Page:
When a company fails to submit its annual accounts and/or confirmation statements to Companies House, directors will receive a reminder in due course. If they ignore communications from Companies House, or don’t file the necessary documents, the company can be forcibly removed from the register.
Administrative restoration is a process by which directors and shareholders can return their company to the register. There are specific requirements before this will be sanctioned, but it can be a relatively fast and inexpensive option if the directors want to trade again, or recover assets that remained in the business.
When directors have voluntarily struck off their own company but wish to restore it – they may have believed their business was no longer required, for example – a different type of restoration is required, and this must be carried out via court order.
Companies must file their annual accounts and confirmation statements with Companies House. A confirmation statement confirms the details about the company and its directors, which are held there.
If the required documents aren’t submitted, Companies House may issue fines, and ultimately strike off the company name from the register, which essentially means it no longer exists.
Is the company eligible?
Bona vacantia waiver letter
When a company is dissolved, any assets still held by the business become property of the Crown after a period of time has elapsed. This is known as bona vacantia, and a waiver letter is required from the Bona Vacantia Division of the Government Legal Department before administrative restoration can go ahead.
Application form for administrative restoration
Form RT01 is used to apply for administrative restoration, and must be accompanied by any outstanding documents and payments. These might include annual accounts not yet filed, continuation statements, and any financial penalties that were issued by Companies House prior to removal from the register. A fee of £100 also applies for the restoration process.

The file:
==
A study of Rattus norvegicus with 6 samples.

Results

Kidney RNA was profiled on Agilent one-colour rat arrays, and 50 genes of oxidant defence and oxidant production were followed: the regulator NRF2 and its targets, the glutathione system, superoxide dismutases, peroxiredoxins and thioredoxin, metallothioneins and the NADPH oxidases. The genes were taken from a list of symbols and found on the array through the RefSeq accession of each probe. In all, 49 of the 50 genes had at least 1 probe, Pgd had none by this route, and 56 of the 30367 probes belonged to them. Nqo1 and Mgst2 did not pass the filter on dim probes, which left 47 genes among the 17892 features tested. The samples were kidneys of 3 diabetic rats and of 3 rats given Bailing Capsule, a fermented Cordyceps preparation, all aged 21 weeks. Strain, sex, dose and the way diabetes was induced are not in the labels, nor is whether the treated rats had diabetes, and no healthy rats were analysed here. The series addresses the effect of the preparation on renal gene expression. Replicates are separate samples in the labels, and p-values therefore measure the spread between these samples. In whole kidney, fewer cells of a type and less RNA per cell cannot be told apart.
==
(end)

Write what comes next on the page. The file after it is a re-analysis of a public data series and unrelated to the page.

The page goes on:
Companies are typically restored within two or three weeks of Companies House receiving an application. If they agree to restore a company, the name will once again appear in the official Register of Companies.
The business is treated as if dissolution hasn’t taken place, but a note of the compulsory strike off and restoration is included in Companies House information held about the company. A notice is also placed in the local Gazette advertising the fact that the company has been restored.
If another company has been formed during the period between strike off and restoration, with a similar or the same name, however, it may not be possible to use the name. In this case, the company being restored would have to start again with a different name.
Company House may refuse an application for administrative restoration if the required documents and/or payments aren’t included with the application form. In this case, any outstanding annual accounts or liabilities must be paid before it will be sanctioned.
Alternatively, directors/shareholders may be able to restore the company to the register by court order. This process is more expensive, but may be useful if the six-month deadline for administrative restoration has passed.
If your company has been forcibly struck off the register at Companies House, and you want to restore it to continue trade or claim assets, Real Business Rescue can help. Please contact our partner-led team of licensed insolvency practitioners for more tailored advice. We offer same-day consultations, and work from local offices throughout the country.